Families affected by the inherited heart muscle disease cardiomyopathy are being invited to a special information day in Chester this Saturday (March 28).
The condition, which affects people of all ages, is the main cause of sudden death in those under 35, including in apparently fit young sportsmen and women. But most affected people can live a long and full life if they are diagnosed and appropriately treated.
Cardiomyopathy expert Dr Gerry Carr-White, from Guy’s and St Thomas’ NHS Foundation Trust in London, will be talking about the different types of cardiomyopathy, latest treatments and research into the condition, which affects around 1 in 500 people.
The information day is being held from 9.30am-5pm at the Mercure Chester Abbots Well Hotel, Whitchurch Road, Christleton, by Cardiomyopathy UK, a charity that provides information and support to affected families. More than 60 people from around Cheshire and beyond are expected to attend. For many it will be the first time they have met others with the disease.
Dr Carr-White, a consultant cardiologist and the hospitals’ lead for heart failure and inherited cardiac diseases, will be talking about dilated, hypertrophic and arrhythmogenic right ventricular cardiomyopathy, diagnosis, management of the conditions, latest treatments and developments in research.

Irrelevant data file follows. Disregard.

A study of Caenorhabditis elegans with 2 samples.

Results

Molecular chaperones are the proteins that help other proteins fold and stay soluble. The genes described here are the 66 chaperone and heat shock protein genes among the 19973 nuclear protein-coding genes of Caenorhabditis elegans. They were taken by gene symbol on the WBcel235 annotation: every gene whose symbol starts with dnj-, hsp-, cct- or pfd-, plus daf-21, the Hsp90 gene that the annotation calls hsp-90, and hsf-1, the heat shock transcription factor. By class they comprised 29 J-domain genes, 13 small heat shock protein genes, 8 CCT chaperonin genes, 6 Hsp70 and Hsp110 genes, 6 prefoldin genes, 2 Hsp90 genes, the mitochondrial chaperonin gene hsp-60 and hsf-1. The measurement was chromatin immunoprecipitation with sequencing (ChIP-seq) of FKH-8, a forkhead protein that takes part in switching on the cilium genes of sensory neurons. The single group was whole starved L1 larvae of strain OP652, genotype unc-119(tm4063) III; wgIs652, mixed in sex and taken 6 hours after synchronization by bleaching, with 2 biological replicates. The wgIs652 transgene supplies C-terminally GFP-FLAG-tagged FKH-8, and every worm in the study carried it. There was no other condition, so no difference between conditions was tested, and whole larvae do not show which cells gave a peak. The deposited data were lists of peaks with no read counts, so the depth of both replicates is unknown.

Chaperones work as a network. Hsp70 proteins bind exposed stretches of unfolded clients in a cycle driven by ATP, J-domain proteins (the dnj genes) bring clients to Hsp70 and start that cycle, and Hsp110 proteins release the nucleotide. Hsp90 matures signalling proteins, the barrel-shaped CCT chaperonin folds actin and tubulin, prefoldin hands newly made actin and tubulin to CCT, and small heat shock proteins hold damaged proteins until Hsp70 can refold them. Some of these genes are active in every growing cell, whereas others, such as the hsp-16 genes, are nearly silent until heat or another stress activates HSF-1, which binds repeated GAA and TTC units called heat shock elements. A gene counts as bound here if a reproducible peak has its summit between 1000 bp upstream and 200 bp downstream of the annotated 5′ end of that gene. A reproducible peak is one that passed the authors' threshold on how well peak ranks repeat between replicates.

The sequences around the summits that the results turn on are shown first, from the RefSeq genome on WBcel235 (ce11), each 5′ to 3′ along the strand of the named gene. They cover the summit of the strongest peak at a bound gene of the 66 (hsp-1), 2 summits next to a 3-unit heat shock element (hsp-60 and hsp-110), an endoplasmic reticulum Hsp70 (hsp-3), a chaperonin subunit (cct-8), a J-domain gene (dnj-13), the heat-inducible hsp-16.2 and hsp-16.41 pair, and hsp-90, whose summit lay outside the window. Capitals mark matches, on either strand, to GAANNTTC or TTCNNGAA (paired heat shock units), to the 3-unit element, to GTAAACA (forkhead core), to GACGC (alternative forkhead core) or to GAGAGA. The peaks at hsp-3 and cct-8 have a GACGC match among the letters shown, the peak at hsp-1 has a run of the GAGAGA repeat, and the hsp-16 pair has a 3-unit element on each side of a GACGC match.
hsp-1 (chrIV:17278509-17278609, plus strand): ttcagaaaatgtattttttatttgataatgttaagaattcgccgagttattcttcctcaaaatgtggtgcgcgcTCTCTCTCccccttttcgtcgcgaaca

Genetics counsellors Sasha Henriques and Natalie Moreton, from the genetics service at the Manchester Centre for Genomic Medicine, will be talking about the regional genetics service and how it can help families with cardiomyopathy.
Cardiomyopathy UK’s chief executive Robert Hall will be outlining the services the charity provides to patients and their families. Julie Rees and her 21-year-old daughter Jenny, who was diagnosed with cardiomyopathy soon after she was born, will talk about living with the condition in the family and the Cheshire and Merseyside Cardiomyopathy Support Group they run.
For more information about cardiomyopathy or to book a place at the information day, see the website www.cardiomyopathy.org , email firstname.lastname@example.org or call Cardiomyopathy UK on freephone 0800 0181 024.